The Shadows Chapter 1
The Guru and the Nu
By Keith Adams
Twelve Thousand years before the founding of Guardia, on a small frozen chunk of ice that served as the last refuge of humanity, snow fell as it was spread in a thousand directions by the howling wind which chilled one to one's very soul. On this island, carved into the summit of a mountain, was the home of one of histories most tragic figures. A thick wooden gate sealed the cave against the wind, and the person on it's inside barely noticed it.
Inside, the cave was small and cramped. It was a single chamber, and was extremely unkept. There was a bed of wool on a jutting out ledge. The chamber was basically circular. In the center was a Pentagram engraved into the rocky ground. All along the walls were books, mainly devoted to History, Geology, and Thaumatology. At the opposite end of the chamber from the door was a mantled fireplace. Above it hung a gloomy gray cape which partially covered a brown vest and a set of white pants. Above the cape hung a grayish helm which was basically circular with a point coming down in the center. Sideways, on a pair of rungs, was a Scythe engraved with archaic runes.
The owner of this house presently was gone to the towns common, which was in reality little more than a clearing in the woods. Meanwhile, a bluish portal erupted in the rooms center, out of which came an old man, with whitish hair and a moustasche, in a trenchcoat and a old brown hat with circular rim and a Red Nu ( a large creature with a circular torso with facial features and short appendages) pulling along a wheeled platform filled with odd apparati, such as a box with one darkish end and a set of journals.
"My friend, would you terribly mind unloading this stuff into this room. The person who told us to do this will be terribly upset if we don't follow his orders precisely. Unfortunately, without complete knowledge of what happened at this juncture, precise knowledge is impossible," muttered the old man, whose name was Gaspar.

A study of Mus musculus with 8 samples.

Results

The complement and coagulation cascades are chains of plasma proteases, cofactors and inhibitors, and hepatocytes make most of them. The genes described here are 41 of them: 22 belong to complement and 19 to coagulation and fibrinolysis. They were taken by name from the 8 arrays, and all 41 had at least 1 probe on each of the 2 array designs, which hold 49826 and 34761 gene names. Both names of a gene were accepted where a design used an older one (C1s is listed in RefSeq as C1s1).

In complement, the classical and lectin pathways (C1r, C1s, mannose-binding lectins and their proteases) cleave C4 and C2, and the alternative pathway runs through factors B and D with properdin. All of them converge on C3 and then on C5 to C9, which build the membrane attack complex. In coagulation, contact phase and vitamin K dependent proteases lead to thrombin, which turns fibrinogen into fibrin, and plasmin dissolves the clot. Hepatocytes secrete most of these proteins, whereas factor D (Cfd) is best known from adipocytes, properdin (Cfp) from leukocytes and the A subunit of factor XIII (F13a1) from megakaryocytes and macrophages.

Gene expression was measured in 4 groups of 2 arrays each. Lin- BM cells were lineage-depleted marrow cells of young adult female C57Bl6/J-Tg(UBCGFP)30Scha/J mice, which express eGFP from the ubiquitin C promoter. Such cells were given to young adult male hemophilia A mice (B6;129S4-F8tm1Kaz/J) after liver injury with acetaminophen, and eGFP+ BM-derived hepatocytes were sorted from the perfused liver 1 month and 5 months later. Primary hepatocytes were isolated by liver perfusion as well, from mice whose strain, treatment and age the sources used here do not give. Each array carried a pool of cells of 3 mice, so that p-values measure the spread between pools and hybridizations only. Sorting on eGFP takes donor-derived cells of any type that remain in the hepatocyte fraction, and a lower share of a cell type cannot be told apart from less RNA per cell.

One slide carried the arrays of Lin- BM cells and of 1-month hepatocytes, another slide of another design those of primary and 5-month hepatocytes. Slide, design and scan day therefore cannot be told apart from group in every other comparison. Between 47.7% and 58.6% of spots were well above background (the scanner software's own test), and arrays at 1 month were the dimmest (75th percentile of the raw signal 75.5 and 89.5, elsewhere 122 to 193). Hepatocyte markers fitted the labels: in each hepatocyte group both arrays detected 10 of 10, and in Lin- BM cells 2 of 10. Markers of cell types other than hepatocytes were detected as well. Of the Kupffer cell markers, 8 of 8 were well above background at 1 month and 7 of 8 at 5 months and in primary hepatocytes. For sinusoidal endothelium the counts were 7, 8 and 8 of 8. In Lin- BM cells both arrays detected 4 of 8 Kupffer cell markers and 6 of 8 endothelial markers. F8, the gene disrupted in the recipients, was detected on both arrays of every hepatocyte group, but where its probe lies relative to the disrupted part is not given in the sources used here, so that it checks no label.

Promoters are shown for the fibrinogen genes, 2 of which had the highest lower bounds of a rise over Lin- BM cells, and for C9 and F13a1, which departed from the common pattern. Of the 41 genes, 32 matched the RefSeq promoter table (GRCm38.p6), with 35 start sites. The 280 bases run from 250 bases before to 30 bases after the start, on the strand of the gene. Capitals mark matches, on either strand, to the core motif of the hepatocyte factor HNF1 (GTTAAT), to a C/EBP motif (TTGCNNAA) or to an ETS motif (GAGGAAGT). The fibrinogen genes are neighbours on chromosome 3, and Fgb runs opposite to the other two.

"Who is the owner of this house? Some Lordian?" questioned the Red Nu, named Spekkio.
"Possibly the most powerful mage the world has, or ever will, for that matter, seen. He never applied himself as much as others, yet he is still incredibly strong."
"Is it the blue-haired guy?"
"Yes, it is the .."
Suddenly the door swung open. A man in his early 30's, wrapped in a blue cape and heavy fur vest and pants, with blue hair grown out, and dark blue gloves covering his hands, swaggered in, carefully eyeing the two figures.
"What are you doing here Old Man?" questioned the blue-haired man "You really should have asked before you began to dump your ..." the man eyed the monitors and such, full of wires "junk in my home. Space is limited."
"I did ask," stated Gaspar.
"Come again? I recall no such thing," the man's voice was growing harsh.
"Listen, young man. It will come to you in due course. But this will be necccesary at a later date, after you have explained this. But why are you here? I would imagine you would be searching for ... "
"She's dead. I have searched the entire world thrice over. She's gone, dead. The weak wash ..," whlie his words were harsh, the man's face wore an expression of unspeakable grief, his red eyes a blazing infereno .
"You never know, Janus. You will never know. You might find her, if you look." Gaspar said. He glanced around nervously, seeing that the Nu, Spekkio, was finished unloading. "Well, Janus, I'm off. Best of luck to you, and may your dreams be pleasant." With that, the Old Man and the Nu stepped through the gate.]
Magus clenched his fists as Gaspar left. Why had he entrusted him with this junk? He would understand none of it. Why hadn't he left it with that inventor girl Lucca. Magus couldn't care less. Schala was dead. Magus knew it for true, and he knew she would never return. It wasn't so bad in itself, but i his youthful selfishness and solipism he never could tell her how much she had meant to him. She might have known. She always could know what people are thinking. She possesed a rapport with others; she understood them. Such a contrast to himself. He knew he was percieved as callous. In truth, he was. He never cared about how others felt. Why should he? If they cannot take callousness, they were surely far too dependent on others, and weak in spirit. Why should he care for those who cannot perservere in the face of a tad of adversity, such as Lavos for his day was com ... no it wasn't. Magus was himself there as Lavos fell; he laid the killing blow himself. The Day of Lavos would never someday destroy the World. Magus was unsure of whether that was a blesssing or boon, but Lavos was a callous destroyer of lives. Much like himself. Far too much.